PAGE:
The plan, which has been blocked in the Senate by Republicans, would create jobs in three ways: It would provide grants to pay for temporary jobs in conservation-related work on federal lands and in maintenance of national veterans cemeteries; it would order federal agencies to hire up to 10,000 more veterans; and it would provide hiring preference for veterans in first-responder jobs in law enforcement and firefighting.
Overall, the job corps bill is expected to create 20,000 jobs, many of them temporary, which would put only a small dent in the estimated total of 700,000 jobless veterans.
While the Senate version of the bill, S 3457, was blocked on a procedural point of order raised by Republicans over its $1 billion price tag, Rep. Corrine Brown, D-Fla., introduced a House version of the bill on Sept. 20.
HR 6455, was referred to Miller's veterans' affairs committee for consideration, but to pass, it also would have to make it through at least five other committees because of its broad sweep.
Nothing will happen soon, as Congress is taking an election break and will not return to work until November, leaving Brown's bill and the Senate measure, sponsored by Sen. Bill Nelson, D-Fla., in limbo.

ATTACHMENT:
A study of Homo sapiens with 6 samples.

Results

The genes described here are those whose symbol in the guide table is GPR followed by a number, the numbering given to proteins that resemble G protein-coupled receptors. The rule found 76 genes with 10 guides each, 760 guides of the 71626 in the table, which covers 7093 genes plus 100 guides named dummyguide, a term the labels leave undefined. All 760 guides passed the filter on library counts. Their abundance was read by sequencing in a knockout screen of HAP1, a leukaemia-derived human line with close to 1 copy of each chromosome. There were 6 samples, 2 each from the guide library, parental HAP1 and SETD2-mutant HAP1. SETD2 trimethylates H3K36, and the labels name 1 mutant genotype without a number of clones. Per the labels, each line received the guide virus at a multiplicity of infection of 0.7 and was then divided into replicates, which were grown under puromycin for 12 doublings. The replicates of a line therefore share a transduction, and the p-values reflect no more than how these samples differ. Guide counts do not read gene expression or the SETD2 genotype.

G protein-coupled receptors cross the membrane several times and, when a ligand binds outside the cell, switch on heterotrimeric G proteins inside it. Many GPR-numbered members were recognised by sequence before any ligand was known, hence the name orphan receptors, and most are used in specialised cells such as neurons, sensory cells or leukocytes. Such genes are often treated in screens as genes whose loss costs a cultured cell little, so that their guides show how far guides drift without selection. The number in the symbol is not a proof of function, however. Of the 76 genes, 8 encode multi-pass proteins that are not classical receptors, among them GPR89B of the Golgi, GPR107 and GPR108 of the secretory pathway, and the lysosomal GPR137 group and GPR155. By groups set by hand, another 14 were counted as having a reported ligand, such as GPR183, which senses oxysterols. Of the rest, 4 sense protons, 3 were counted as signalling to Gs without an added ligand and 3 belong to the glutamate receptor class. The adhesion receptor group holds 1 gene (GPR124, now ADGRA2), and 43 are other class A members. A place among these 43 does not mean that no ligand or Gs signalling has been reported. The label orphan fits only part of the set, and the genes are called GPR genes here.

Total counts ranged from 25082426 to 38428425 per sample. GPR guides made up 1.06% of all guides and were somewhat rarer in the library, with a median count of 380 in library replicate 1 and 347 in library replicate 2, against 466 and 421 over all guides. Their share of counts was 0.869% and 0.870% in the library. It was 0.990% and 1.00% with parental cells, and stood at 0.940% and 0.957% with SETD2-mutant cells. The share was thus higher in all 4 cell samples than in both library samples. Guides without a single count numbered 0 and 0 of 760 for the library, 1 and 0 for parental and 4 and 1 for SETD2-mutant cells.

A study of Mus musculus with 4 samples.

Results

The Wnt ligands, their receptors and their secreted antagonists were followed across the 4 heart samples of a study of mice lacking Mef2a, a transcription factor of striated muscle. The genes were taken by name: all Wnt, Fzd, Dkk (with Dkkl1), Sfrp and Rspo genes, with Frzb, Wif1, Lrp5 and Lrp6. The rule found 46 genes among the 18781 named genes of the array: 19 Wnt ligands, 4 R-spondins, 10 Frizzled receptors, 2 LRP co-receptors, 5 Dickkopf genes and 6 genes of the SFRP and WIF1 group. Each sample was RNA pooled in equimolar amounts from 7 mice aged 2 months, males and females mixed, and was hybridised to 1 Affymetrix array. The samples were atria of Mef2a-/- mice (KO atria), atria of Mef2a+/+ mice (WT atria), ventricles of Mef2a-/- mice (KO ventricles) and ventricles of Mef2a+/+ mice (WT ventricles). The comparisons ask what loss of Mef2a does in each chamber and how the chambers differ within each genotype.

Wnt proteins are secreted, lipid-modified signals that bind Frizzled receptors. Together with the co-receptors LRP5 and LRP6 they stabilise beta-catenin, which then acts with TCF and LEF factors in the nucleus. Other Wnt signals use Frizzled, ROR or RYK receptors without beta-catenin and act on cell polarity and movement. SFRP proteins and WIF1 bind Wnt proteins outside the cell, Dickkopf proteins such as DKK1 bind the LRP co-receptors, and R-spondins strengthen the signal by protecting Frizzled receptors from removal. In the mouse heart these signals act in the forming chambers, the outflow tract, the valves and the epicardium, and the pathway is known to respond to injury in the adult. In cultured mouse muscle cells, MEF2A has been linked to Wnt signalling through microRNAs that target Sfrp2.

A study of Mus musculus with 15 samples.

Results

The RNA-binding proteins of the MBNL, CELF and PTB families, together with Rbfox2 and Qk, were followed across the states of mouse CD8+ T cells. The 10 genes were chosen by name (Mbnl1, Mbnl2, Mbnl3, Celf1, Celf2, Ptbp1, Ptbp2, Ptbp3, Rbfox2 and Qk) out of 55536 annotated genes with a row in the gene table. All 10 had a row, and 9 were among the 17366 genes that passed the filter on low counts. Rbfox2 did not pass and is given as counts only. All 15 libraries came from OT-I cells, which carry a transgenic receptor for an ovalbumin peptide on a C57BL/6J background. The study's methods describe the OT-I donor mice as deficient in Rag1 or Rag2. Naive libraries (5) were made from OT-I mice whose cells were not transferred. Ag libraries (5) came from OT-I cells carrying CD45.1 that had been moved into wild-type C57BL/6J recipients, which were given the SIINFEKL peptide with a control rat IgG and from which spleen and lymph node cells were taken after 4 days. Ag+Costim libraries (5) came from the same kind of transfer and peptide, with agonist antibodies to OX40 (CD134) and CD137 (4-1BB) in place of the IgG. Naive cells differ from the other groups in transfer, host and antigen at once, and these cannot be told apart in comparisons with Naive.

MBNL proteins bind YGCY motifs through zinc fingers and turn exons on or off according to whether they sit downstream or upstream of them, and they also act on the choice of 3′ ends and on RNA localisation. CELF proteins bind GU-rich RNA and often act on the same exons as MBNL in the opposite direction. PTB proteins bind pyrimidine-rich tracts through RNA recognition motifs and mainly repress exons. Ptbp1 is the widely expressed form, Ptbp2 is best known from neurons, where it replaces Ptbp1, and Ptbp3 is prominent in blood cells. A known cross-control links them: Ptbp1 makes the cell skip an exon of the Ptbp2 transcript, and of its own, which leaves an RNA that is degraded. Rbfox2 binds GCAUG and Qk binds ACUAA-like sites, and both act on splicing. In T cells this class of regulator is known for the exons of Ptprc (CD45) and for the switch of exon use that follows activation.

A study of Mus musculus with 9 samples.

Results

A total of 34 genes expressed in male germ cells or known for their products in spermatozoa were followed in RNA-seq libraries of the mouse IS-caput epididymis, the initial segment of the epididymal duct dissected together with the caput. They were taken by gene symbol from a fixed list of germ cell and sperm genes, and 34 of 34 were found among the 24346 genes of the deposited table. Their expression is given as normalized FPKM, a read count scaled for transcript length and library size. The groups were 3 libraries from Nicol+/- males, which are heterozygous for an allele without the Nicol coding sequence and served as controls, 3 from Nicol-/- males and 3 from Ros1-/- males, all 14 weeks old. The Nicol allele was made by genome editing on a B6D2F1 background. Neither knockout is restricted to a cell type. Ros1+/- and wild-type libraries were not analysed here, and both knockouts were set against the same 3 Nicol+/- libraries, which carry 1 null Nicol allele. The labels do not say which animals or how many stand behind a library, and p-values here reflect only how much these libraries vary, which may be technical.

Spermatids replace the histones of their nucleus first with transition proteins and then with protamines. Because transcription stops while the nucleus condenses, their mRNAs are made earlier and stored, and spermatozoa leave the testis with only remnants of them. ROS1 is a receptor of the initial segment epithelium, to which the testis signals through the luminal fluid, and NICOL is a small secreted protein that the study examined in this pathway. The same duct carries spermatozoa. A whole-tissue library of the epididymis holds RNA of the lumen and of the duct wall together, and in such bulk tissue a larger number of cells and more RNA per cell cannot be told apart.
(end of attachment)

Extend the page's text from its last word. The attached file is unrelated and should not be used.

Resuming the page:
Rep. Jeff Miller, R-Fla., who as veterans' committee chairman would play a big role in the fate of Brown's bill, promised to work with Brown, but noted that the cost per job under the bill is about $50,000 — compared to just $16,000 per job under another initiative, the Veterans Retraining Assistance Program, which was passed by Congress last year.
"We did not start a whole new bureaucracy in order to do what we needed" to do with VRAP, said Miller, the chief sponsor of that program, which has already filled 45,000 openings and has room for an additional 54,000 in a second phase of enrollment that will begin Oct. 1.
The Veterans' Job Corps Act also is tailored to help only post-9/11 veterans, not those from previous generations. Miller said he would prefer a broader focus.
"I commit to you to work … towards trying to find jobs for those unemployed veterans out there," Miller told Brown. "Not only those who are returning from Iraq and Afghanistan, but, certainly, those 35 to 60-year-old individuals who are finding themselves [with] the need to retrain."